Dh2,000 in rental fees, buying second car: UAE residents face commute issues one month after record rains

Most residents anxiously await payouts from insurance companies for their damaged cars


SM Ayaz Zakir


Last updated: Thu 16 May 2024, 6:19 PM

“It feels like I no longer own a car,” Mounia El Fadili, a retail executive at Dubai Mall, told Khaleej Times.

El Fadili was forced to abandon her Infiniti Q30 in the middle of the road in Oud Metha on April 16 – the day record rains wreaked havoc across the UAE. Now, one month on, residents are still reporting significant commuting issues.

Vehicles, particularly those in low-lying areas, bore the maximum brunt during the unprecedented rainfall. Many encountered engine failures and electrical defects and came to a standstill on flooded roads.


She could finally arrange for a tow truck on April 19 that dropped her car near her residence in Jaddaf. It cost her Dh 500. “I was deeply concerned for the safety of my car. It took me two weeks to establish contact with the insurance agents, who then arranged for the car to be towed to a garage.”

Even after 12 days since her car was taken to a garage, El Fadili remains in the dark about the issues in her car. “I am unaware of the specific problems in my car, and the garage is also delaying in providing the necessary fitness report."

As her insurance claim remains pending approval, El Fadili has no choice but to rent a car for her daily commute, incurring an average expense of Dh 100 per day. So far, she has spent over Dh 2,000 on rental alone.

“If my car indeed has significant issues, I may be forced to sell it and buy a new one, which would mean additional financial strain on my family,” said the Moroccan expatriate.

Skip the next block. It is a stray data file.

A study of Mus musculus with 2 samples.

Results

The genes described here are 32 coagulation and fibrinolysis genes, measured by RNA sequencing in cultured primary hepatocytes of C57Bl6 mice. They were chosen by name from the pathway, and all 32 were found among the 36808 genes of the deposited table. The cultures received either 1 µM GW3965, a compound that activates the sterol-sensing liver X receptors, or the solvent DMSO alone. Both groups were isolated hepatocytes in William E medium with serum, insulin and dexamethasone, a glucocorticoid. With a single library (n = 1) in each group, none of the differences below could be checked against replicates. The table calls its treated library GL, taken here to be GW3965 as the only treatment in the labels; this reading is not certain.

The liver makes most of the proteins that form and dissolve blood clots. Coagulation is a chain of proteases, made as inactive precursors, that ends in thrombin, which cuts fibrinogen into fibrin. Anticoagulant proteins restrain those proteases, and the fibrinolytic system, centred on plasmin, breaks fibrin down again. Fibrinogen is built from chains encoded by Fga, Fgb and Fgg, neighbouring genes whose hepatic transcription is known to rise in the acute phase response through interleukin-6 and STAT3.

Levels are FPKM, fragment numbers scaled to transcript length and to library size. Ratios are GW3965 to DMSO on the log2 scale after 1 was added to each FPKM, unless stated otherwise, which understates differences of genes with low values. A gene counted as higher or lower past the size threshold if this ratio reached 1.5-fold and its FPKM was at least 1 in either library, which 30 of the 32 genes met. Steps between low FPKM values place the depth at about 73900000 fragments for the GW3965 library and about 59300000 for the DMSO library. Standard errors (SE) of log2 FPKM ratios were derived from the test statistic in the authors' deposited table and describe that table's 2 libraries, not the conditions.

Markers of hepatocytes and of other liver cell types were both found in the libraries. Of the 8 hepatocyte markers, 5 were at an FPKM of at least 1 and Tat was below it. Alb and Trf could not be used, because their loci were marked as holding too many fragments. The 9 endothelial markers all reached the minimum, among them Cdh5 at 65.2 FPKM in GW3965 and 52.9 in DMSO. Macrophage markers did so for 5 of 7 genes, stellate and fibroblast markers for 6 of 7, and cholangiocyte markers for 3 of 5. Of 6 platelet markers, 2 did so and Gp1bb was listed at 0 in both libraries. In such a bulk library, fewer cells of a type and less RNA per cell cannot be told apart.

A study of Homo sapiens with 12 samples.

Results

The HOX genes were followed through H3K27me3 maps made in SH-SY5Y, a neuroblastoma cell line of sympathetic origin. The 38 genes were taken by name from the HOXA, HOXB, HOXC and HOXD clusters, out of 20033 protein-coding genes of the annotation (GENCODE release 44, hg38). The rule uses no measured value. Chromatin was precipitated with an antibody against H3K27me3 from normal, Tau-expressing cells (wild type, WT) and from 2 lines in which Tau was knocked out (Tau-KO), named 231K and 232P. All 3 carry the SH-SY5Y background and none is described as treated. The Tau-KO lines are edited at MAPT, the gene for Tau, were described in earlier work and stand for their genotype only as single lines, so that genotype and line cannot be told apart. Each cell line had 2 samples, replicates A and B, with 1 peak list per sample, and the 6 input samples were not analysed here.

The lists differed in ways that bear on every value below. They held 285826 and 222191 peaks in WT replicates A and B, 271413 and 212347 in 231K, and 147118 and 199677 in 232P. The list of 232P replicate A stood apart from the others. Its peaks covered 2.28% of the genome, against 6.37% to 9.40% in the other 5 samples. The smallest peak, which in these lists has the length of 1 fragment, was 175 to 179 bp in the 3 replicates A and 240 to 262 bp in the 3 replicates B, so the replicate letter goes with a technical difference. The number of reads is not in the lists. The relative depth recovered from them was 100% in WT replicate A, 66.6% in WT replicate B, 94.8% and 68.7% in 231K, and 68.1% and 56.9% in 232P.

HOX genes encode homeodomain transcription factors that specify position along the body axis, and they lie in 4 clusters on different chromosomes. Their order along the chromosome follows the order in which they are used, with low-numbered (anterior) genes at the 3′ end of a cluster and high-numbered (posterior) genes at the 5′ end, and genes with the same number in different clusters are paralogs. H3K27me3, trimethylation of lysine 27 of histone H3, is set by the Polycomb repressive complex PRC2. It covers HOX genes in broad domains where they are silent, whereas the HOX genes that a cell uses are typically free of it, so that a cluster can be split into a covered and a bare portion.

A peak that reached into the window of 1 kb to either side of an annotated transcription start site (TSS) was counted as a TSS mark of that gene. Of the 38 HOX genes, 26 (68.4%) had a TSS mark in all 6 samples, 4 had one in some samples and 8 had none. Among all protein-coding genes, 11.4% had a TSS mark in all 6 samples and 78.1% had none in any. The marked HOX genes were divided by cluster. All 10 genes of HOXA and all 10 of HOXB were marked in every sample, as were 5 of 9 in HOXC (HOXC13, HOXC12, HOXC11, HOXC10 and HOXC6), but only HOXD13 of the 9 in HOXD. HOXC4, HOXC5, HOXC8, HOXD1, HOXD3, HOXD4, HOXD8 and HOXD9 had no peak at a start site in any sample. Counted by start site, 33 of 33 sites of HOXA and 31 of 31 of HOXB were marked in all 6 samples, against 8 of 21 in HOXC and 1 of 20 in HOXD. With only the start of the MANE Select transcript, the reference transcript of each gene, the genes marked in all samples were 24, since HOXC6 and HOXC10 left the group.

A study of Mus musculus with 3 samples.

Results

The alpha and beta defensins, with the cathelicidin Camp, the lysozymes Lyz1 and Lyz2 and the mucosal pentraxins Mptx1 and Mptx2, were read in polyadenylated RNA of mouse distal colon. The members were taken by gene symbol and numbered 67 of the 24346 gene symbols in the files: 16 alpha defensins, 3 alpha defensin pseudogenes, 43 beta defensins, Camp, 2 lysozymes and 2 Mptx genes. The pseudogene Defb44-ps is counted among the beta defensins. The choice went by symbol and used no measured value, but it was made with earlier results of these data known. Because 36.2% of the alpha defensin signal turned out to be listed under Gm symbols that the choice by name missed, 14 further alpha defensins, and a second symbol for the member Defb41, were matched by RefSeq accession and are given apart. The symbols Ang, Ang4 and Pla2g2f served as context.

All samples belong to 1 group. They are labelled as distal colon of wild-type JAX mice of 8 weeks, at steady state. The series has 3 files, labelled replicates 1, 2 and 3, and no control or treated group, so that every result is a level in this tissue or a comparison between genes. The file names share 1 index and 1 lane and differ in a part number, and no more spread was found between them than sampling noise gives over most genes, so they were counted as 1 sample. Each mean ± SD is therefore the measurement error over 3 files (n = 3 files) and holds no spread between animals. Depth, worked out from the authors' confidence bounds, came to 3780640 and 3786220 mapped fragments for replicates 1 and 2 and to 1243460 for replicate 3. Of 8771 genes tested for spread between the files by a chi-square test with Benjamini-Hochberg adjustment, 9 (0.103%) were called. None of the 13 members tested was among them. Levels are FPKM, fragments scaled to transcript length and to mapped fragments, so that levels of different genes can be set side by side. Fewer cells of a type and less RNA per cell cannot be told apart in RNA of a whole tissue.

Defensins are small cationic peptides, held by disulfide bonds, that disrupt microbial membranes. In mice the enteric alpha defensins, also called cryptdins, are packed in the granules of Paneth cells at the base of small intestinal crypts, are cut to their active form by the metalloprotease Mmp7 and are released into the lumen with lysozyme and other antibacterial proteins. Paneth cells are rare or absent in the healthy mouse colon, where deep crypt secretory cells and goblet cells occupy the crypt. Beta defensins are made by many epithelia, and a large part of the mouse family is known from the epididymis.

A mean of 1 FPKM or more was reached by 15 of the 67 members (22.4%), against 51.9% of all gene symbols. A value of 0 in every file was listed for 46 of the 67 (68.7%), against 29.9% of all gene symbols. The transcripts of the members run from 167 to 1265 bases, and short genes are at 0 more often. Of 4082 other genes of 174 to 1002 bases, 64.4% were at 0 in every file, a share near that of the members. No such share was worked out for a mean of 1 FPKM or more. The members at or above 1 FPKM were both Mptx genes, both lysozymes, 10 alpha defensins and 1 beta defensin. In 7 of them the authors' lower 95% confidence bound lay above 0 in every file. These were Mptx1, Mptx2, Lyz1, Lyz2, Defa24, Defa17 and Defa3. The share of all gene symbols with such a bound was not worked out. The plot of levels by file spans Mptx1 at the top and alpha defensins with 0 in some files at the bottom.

Buying another car

For some, selling their damaged cars has emerged as a solution though it comes with a considerable financial burden. Ismail Ruknuddin, a resident of Al Nahda, working as a marketing executive at a high-end boutique, faced this predicament.

“I returned home navigating water puddles on April 17. I parked my car in my building's parking lot and went to pray at a nearby mosque. As I was returning, people told me that my car was on fire,” said Ismail, who has a Nissan Qashqai.

Emergency services were pressed in to douse the fire and Ismail called the insurance firm to inform about the problem. “My car was taken to the garage by the insurance firm after two weeks. I still don’t know what the problem is. However, experts have told me that this was due to rain entering electrical components,” said Ismail.

Ismail had been carpooling since the incident and finally decided to buy another car, a Nissan Xtrail 2020 model, for over Dh80,000.

Most residents are anxiously waiting for payouts from insurance companies for their damaged to their vehicles.

“This is an excessive financial burden on me. Delayed responses from the garage as well as insurance companies have forced me to buy another car. I am eagerly waiting for payout from the insurance company as the car would be catogorised under total loss,” said Ismail.

Hiring cab daily

Jassem El Sami, a resident of Liwan, has been hiring a cab everyday to his work. It costs him about Dh 60 both ways.

“My office is close by and thankfully I don’t have to spend much on the commute,” said El Sami who works at the head office of a supermarket chain in Silicon Oasis.

El Sami’s car was damaged in the floods near Warsan when he had gone to pick his children from their uncle’s place on April 19. The car was towed the same day from the flooded streets and was parked near his house.

It's been a logistical nightmare for El Sami as his car has been in the parking lot near his home for over 25 days. “Thankfully, parking fees aren't an added worry as it is free near my place,” said El Sami.

Like others, El Sami is also hoping that his insurance claims woes would be over soon.

“When I first contacted the insurance agents on April 20, I hoped for a swift resolution. Unfortunately, my car remains untouched, waiting to be towed to the garage,” said the Algerian expat.